Pamela Harvac wasn’t comfortable being a spy. That wasn’t what she signed up for when she was recruited to State. She blamed her discomfort on her mother’s strict upbringing and attending religious schools. All her life having a secret was presumed to be a sign of ill intent if not outright sin.
It was irritating too. They wouldn’t need to go snooping around if the agencies charged with spying would take direction to gather intelligence for them, or even share what they already had. To talk with any of them you’d think they were the enemy to even ask for data on commercial matters. Who were they serving after all?
Her boss Wilson sent the little toad Kirk along with her. He had no such scruples. In fact, Pamela wondered why he wasn’t employed by one of the secret agencies instead of State. He was good with numbers, in fact if pressed she would admit he was very good, and able to apply those number to a real world analysis better than most.
She still certainly expected him to challenge her authority as soon as they were out of com range of Secretary Wilson and perhaps make an ass of himself in other ways. He wouldn’t be the first she’d met who thought himself God’s great gift to womankind.
Instead he’d meekly kept his mouth shut when introduced to the ship’s officers and didn’t presume upon her privacy or personal space when they were assigned a two bunk room. Spacers had no sense of decency, and the purser had just blinked like it didn’t compute for a second when informed that she and Kirk were not partners and she asked if separate cabins were available.
“I’m sorry, we don’t have separate accommodations for your subordinate,” he said, missing the point that it wasn’t about class entirely. “We are a freighter primarily with very limited space for both passengers and crew. The other cabin is occupied by a married couple who would reasonably object to being split up, and it is impractical to trade him off with any crew who need to work shifts that would disturb you. They are all working spacers and I doubt you’d judge any of them your peers. I’m not available to bunk with you,” he said, with an amused little smile. He didn’t even specify female crew. It didn’t take long before she found out that of the five spacers aboard none were female anyhow, and only the captain had a tiny private cabin.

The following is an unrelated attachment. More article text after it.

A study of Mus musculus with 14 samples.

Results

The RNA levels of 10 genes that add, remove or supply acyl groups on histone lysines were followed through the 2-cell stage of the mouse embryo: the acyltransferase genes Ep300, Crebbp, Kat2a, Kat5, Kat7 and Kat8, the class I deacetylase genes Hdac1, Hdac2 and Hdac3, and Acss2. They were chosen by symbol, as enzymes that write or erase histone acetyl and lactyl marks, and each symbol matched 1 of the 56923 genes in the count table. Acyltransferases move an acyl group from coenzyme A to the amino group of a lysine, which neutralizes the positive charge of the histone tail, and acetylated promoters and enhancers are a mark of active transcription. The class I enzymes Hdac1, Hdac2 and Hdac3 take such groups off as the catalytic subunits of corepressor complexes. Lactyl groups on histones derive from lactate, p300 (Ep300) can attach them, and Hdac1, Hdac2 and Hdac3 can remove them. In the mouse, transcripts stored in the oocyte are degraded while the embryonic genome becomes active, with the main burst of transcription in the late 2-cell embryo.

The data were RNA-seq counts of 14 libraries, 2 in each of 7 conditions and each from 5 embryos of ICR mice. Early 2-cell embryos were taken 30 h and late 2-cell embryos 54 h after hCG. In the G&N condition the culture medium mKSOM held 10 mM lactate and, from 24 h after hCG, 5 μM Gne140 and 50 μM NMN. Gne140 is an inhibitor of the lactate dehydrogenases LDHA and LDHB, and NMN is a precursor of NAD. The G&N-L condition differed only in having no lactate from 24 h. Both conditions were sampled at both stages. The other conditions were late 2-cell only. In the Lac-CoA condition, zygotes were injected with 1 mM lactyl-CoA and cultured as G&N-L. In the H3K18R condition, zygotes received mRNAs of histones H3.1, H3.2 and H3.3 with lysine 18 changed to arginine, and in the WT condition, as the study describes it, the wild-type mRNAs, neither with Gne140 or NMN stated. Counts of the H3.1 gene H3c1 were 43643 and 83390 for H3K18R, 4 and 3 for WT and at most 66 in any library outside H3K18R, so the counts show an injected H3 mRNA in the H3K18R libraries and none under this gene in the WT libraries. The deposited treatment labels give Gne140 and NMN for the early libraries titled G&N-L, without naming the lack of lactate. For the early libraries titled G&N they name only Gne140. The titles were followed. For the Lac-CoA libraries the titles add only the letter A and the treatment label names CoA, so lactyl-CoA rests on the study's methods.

The cabin itself surprised her. It was compact of necessity, but luxurious beyond her expectations. The bunk was not cramped and infinitely adjustable with its own temperature controls and adjustable vents. It had multimedia outlets and the ability to use an overhead screen if you wanted to read in bed or watch environmental scenes to music. The shared bath was tiny but entirely comfortable and not metered. Everything was of soft or textured surfaces and the lighting subtle and indirect.
In North America right now both of them could be charged with a felony for sharing a cabin unmarried. Pamela had never been outside the Solar System, but she could read people well enough to see that she would simply amuse the Captain if she cited North American law to him. She did know Spacers in her own Solar System openly mocked a lot of North American decency laws such as the prohibition on shorts and short sleeves. Despite her agency position, Pamela was not experienced enough to consider there might be a range of custom and law among Spacers beyond her home system. The media that bombarded her daily presented Spacers as a uniform bloc, and not at all nice people, so she had nothing to inform her differently. He would be perfectly justified in pointing out they were a Fargone ship and subject to both Fargoer law and custom underway so she dropped her objection.
It was an error and failure as head of mission that she hadn’t researched Fargone law before boarding a Fargone vessel. A measure of that simply reflected official contempt for other law. Finding it really did affect her was a first prod to pay attention to how others live. The ship must carry a web fraction that would enlighten her to some degree. She intended to study that as well as expand her knowledge of Derfhome while they were in transit from the slightly different perspective the Fargoer web fraction would paint things.